Mr Tabouq, 30, the leader of the Fatah Hawks, was cornered after Palestinian police, who are really combat troops, sealed off the medieval Old City at the weekend. At one moment he was seen on his roof armed with an assault rifle and accompanied by three of his men with pistols.
A Palestinian officer shouted: "Surrender yourself and your weapons. We do not intend to harm you." Mr Tabouq is said to have fired back and jumped on to another roof before disappearing into the tangle of old streets. Police cordoned off his house - he has a wife and three children - until he surrendered.
Mr Tabouq was taken to Jericho because his detention in Nablus might face resistance. He told the Independent in an interview in the Old City or casbah two weeks ago that "we consider ourselves soldiers of the Palestinian Authority".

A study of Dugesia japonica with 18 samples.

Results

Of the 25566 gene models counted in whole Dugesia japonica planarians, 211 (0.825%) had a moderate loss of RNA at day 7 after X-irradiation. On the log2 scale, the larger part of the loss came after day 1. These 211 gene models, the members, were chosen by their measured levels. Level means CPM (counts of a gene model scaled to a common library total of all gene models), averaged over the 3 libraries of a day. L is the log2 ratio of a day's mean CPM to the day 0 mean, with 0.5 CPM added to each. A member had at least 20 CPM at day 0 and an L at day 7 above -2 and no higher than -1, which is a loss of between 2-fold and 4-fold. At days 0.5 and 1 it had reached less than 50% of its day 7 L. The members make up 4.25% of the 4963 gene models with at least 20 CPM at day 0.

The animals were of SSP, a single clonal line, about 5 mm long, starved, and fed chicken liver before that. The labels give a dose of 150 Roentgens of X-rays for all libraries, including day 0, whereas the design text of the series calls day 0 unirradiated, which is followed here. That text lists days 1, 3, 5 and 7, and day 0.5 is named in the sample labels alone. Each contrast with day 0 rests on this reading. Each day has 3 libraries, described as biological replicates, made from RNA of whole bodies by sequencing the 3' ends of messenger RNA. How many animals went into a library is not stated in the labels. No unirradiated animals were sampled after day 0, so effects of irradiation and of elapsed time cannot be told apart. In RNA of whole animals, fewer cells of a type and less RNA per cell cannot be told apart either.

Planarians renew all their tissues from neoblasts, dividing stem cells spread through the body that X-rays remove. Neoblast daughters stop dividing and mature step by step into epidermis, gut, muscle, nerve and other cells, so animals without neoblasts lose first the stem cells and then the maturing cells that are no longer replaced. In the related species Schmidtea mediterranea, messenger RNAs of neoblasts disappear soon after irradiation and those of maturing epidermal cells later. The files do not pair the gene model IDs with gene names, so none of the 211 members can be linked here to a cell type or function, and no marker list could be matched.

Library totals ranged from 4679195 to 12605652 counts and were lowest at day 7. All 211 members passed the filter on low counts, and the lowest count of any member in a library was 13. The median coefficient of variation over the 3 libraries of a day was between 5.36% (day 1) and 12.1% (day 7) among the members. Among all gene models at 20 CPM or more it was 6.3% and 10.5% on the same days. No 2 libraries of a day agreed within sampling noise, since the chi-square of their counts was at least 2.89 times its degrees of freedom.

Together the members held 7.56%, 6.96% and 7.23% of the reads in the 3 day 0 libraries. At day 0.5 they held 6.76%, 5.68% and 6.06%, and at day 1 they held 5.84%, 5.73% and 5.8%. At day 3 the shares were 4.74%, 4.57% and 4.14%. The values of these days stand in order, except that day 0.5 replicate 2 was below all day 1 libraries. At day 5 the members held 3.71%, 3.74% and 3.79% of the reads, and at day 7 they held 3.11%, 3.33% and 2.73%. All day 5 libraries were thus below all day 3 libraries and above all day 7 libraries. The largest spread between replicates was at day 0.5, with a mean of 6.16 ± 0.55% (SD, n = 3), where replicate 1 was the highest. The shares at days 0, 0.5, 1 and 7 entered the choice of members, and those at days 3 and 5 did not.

A thin man with a gaunt face and a chain-smoker, Mr Tabouq was a leader of the Palestinian intifada in Nablus who was released from jail two years ago. After quarrelling with the local Fatah leader appointed by Yasser Arafat, the leader of the PLO, earlier this year, he set up the Fatah Hawks as a vigilantes.
His reputation in Nablus was mixed. To Said Kana'an, director of the Palestinian Research and Studies, he was a kidnapper who extracted protection money from local shopkeepers by threats and knee-capped anybody who resisted him. To others he was closer to Robin Hood than Al Capone.
The move against Mr Tabouq came after local businessmen protested about him to Mr Arafat when he visited the city last Friday. His power depended on the vacuum as the Israelis prepared to leave and the Palestinian Authority moved to take control.